Good Morning Britain has been slammed for the segment — but a spokesman said it would still go ahead. Picture: iStock
Good Morning Britain has been slammed for the segment — but a spokesman said it would still go ahead. Picture: iStock

Outrage over show’s ‘dog autism’ segment

A BREAKFAST television program is under fire for planning an upcoming segment on whether animal vaccines cause "canine autism".

On April 24, Good Morning Britain, a popular morning show in the UK, posted a tweet which revealed it would be debating the controversial issue in an upcoming episode.

The tweet stated: "We're looking to speak to pet owners who haven't given their pets vaccinations because they're concerned about side effects - as well as people who have done so and now believe their pet has canine autism as a result."

In response to the message, the National Autistic Society (NAS) tweeted: "This is concerning. Research has comprehensively shown that there is no link between autism and vaccines in humans."

According to The Independent, the NAS has also directly contacted the program to voice its concerns.

NAS director of external affairs and social change Jane Harris told the publication "damaging myths about autism persist in some circles - and must be challenged".

She said the decision to air the segment could be seen as legitimising the mistaken belief in the link between inoculations and the condition.

"We were very disappointed to hear that a mainstream broadcaster would consider bringing autism into a story about vaccinations in this way," she said.

Other Twitter users joined the NAS in condemning the planned segment, with many claiming the segment was a misguided attempt to boost ratings, while others also argued it was "offensive" to people with autism.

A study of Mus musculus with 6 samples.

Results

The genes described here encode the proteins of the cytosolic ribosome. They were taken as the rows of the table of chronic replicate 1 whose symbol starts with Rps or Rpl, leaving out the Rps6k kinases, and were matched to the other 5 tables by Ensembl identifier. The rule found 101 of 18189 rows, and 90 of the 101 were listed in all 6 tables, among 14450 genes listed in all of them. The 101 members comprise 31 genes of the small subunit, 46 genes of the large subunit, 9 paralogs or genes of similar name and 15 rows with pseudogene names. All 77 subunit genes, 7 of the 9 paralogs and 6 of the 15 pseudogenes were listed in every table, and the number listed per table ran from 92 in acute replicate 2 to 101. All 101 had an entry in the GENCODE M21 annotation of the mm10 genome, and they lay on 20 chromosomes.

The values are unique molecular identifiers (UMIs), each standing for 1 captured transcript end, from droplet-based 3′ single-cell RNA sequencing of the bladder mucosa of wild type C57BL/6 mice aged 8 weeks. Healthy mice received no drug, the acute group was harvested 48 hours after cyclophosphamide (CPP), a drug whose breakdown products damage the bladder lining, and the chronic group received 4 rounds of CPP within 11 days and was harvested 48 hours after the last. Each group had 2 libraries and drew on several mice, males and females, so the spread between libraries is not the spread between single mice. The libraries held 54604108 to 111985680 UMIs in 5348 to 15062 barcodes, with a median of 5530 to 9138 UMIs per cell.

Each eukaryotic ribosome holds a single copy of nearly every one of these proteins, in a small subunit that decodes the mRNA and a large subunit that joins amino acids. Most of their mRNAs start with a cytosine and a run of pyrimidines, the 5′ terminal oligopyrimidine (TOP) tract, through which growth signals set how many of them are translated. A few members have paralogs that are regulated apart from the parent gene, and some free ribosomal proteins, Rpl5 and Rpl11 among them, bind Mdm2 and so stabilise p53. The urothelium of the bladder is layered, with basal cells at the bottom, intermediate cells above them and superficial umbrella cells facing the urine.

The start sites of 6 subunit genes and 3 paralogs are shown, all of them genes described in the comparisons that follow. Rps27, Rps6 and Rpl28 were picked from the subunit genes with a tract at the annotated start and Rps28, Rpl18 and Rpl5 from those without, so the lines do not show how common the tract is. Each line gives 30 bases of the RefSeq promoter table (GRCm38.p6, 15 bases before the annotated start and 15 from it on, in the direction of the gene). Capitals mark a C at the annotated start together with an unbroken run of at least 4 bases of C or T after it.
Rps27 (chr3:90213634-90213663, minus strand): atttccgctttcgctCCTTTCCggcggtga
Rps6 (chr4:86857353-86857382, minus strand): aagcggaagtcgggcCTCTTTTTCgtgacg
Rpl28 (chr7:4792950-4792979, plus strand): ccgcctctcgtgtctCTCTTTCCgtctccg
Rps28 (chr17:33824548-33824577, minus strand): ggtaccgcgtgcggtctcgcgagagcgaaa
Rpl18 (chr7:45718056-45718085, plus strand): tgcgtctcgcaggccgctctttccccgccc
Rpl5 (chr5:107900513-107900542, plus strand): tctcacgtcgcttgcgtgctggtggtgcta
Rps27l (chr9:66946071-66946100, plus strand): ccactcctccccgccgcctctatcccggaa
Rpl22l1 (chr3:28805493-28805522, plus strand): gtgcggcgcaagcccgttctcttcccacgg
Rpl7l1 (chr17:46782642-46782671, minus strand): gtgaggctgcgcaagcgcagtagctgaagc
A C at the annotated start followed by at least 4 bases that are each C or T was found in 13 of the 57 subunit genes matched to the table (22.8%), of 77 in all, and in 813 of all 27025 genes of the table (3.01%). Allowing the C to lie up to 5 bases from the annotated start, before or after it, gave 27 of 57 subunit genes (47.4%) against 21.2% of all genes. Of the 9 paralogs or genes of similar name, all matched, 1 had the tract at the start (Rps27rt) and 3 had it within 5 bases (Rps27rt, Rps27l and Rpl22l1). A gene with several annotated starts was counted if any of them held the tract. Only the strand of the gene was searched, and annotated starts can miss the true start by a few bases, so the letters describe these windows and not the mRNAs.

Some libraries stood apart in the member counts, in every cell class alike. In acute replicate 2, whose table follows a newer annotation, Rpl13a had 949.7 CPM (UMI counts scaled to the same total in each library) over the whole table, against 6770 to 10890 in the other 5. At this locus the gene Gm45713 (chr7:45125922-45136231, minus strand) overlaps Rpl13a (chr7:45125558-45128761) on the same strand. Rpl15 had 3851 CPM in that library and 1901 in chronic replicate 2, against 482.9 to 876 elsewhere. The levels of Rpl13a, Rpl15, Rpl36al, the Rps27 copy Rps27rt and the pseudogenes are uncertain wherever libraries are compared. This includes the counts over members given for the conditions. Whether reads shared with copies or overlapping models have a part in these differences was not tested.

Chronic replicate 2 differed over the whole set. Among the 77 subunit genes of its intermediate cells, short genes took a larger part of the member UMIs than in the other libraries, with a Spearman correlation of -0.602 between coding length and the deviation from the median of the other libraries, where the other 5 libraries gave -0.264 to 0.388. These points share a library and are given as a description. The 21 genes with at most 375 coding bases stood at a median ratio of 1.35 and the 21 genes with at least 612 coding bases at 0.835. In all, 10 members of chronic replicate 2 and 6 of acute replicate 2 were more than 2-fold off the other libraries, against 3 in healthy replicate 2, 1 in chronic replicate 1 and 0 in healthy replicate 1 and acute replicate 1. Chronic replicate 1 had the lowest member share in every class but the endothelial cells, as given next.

However, there were some supporters, with a Twitter account belonging to "Boomer the Collie" stating: "I'm not vaccinated. I don't have flea treatments or wormers and I eat raw meat and bones. I'm six and the only times I've seen a vet was when I had a cut foot and a grass seed in my ear".

A Good Morning Britain spokesman told The Independent the segment would go ahead despite the backlash.

"There will be a debate about pet vaccinations in relation to recent figures showing a decline in the number of animals being vaccinated," the spokesman said.

"The item will reflect both a 'for' and 'against' vaccination standpoint."

The anti-vax movement was born in 1998 after former doctor Andrew Wakefield published a now-discredited study which argued the measles, mumps and rubella vaccine caused autism.

The study was withdrawn by The Lancet medical journal, but the movement has been growing ever since.

In fact, it is so widespread the government was prompted to introduce a "no jab no play" policy in 2015, which bans unvaccinated children from attending childcare in NSW and Victoria, while in Queensland childcare providers are allowed to refuse enrolment to kids who have not been immunised.

While vaccination rates have dropped in certain anti-vax communities, overall Australia's human vaccination rate is high.

Recent data released by the Australian Institute of Health and Welfare has revealed immunisation rates have risen across Australia. Nationally, 93.5 per cent of five-year-olds were fully immunised in 2016-17, up from 92.9 per cent the previous year. The national target is 95 per cent.